Grief and Loss Program
When the cancer advances
Learning your loved one’s cancer has advanced to the point treatment is no longer helping is an emotional and anxious time. It’s normal to not know what to say or worry that you’ll say something wrong. There is no "right way" to talk about this. What’s most important is your loved one knows you care.
If you and your loved haven’t done so already, this is a good time to work on advanced directives. These are legal documents patients use to spell out decisions about end-of-life care. It’s the best way to make sure the cancer care team, your family and friends all know what you want. This is important because as cancer advances, you may not be able to tell them on your own. Learn more by downloading the Advanced Directives Durable Power of Attorney for Health Care booklet [pdf] with forms.
Making decisions about advanced cancer and end of life
For many families, the cancer patient has the final word. In some families, the patient may give the final word to the caregiver. This can be very difficult because:
- Other family members may disagree with your decision (s)
- The patient may have different beliefs about care than you or other loved ones
- You and your loved one may not agree with your cancer care team
It’s not uncommon for families to disagree about these decisions. When it does, ask a member of the cancer team to lead a discussion with the family. They can explain the options, offer advice and prepare you for next steps.
Many people view palliative care in a negative way, but it’s actually very positive. Anyone of any age at any stage in a serious illness can take advantage of palliative care.
Palliative care focuses on improving the quality of life by helping patients and caregivers manage the symptoms of a serious illness and side effects of treatment. It’s designed to work with the health care team to help people with a serious illness live as well as they can for as long as they can.
The Rogel Cancer Center provides palliative care as part of their Symptom Management Clinic. In addition, Michigan Visiting Nurses provides palliative care (and other in-home services). If you don’t have access to the University of Michigan’s services, please visit Get Palliative Care to find providers near you.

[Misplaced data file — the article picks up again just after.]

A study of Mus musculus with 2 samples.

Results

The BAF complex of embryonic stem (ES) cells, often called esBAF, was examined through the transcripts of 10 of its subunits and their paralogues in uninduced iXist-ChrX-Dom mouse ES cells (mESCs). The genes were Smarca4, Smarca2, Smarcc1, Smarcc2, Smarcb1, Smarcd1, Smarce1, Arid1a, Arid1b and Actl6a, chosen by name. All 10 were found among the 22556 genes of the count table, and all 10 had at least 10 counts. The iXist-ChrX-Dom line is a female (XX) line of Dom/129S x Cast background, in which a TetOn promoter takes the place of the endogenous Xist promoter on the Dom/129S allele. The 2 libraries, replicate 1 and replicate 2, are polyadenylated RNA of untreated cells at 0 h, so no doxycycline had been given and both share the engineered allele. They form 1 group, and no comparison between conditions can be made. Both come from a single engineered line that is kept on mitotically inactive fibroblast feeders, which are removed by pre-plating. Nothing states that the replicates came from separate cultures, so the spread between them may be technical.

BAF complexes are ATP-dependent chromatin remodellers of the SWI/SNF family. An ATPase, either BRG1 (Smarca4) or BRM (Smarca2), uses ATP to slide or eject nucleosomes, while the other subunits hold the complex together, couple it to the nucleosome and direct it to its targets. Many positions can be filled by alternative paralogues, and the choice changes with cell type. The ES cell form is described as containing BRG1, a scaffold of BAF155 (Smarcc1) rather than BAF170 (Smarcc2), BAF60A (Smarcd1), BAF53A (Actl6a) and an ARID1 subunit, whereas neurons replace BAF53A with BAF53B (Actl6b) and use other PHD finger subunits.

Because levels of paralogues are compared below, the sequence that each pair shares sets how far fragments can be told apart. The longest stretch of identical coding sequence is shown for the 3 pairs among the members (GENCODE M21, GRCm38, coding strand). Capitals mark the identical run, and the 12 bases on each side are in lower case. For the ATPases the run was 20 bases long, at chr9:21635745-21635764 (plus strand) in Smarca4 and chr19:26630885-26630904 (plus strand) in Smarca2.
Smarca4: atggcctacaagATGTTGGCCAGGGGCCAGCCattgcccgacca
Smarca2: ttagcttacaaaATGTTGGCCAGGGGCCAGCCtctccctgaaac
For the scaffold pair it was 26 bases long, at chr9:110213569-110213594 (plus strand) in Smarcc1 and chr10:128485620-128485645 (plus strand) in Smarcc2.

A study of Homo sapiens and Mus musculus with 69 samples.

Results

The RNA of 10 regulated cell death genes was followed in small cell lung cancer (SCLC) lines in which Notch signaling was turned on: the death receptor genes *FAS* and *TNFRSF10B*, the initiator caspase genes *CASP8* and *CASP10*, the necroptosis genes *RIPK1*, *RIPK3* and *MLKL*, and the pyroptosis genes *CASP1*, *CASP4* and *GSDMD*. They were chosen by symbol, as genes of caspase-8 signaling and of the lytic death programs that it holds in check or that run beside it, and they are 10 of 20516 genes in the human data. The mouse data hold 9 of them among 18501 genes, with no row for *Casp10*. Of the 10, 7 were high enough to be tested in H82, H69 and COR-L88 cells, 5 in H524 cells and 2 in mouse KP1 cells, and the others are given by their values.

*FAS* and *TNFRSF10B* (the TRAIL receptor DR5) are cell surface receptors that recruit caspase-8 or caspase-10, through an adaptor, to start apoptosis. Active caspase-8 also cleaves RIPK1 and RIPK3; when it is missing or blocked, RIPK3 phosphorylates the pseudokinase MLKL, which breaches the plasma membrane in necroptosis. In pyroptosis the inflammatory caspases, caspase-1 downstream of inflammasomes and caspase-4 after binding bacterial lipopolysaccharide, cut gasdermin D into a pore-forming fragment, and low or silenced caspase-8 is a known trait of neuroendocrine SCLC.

Hospice care is used when cancer treatment can no longer cure or control the cancer. In general, hospice care should be used when a person is expected to live about 6 months or less if the illness runs its usual course. People with advanced cancer should have a discussion with their family members and doctor to decide together when hospice care should begin.
What are the advantages to hospice care?
The hospice philosophy accepts death as the final stage of life: it affirms life, but does not try to hasten or postpone death. Hospice care treats the person and symptoms of the disease, rather than treating the disease itself. A team of professionals work together to manage symptoms so that a person’s last days may be spent with dignity and quality, surrounded by their loved ones. Hospice care is also family-centered – it includes the patient and the family in making decisions.
How and Where is Hospice Care Provided and How is it Paid for? [courtesy of the American Cancer Society]
Finding a Hospice Program [courtesy of the American Cancer Society]
Resources Offered by the Grief and Loss Program:
- Download/print the Grief and Loss: Coping with the death of a loved one booklet
- Cancer Center Memorial
Please call the University of Michigan Rogel Cancer Center at 1-877-907-0859 for more information related to grief support resources.
The Grief and Loss Program is made possible by gifts to the Patient and Family Support Services Program. Learn how you can help by visiting our Make a Gift web pages.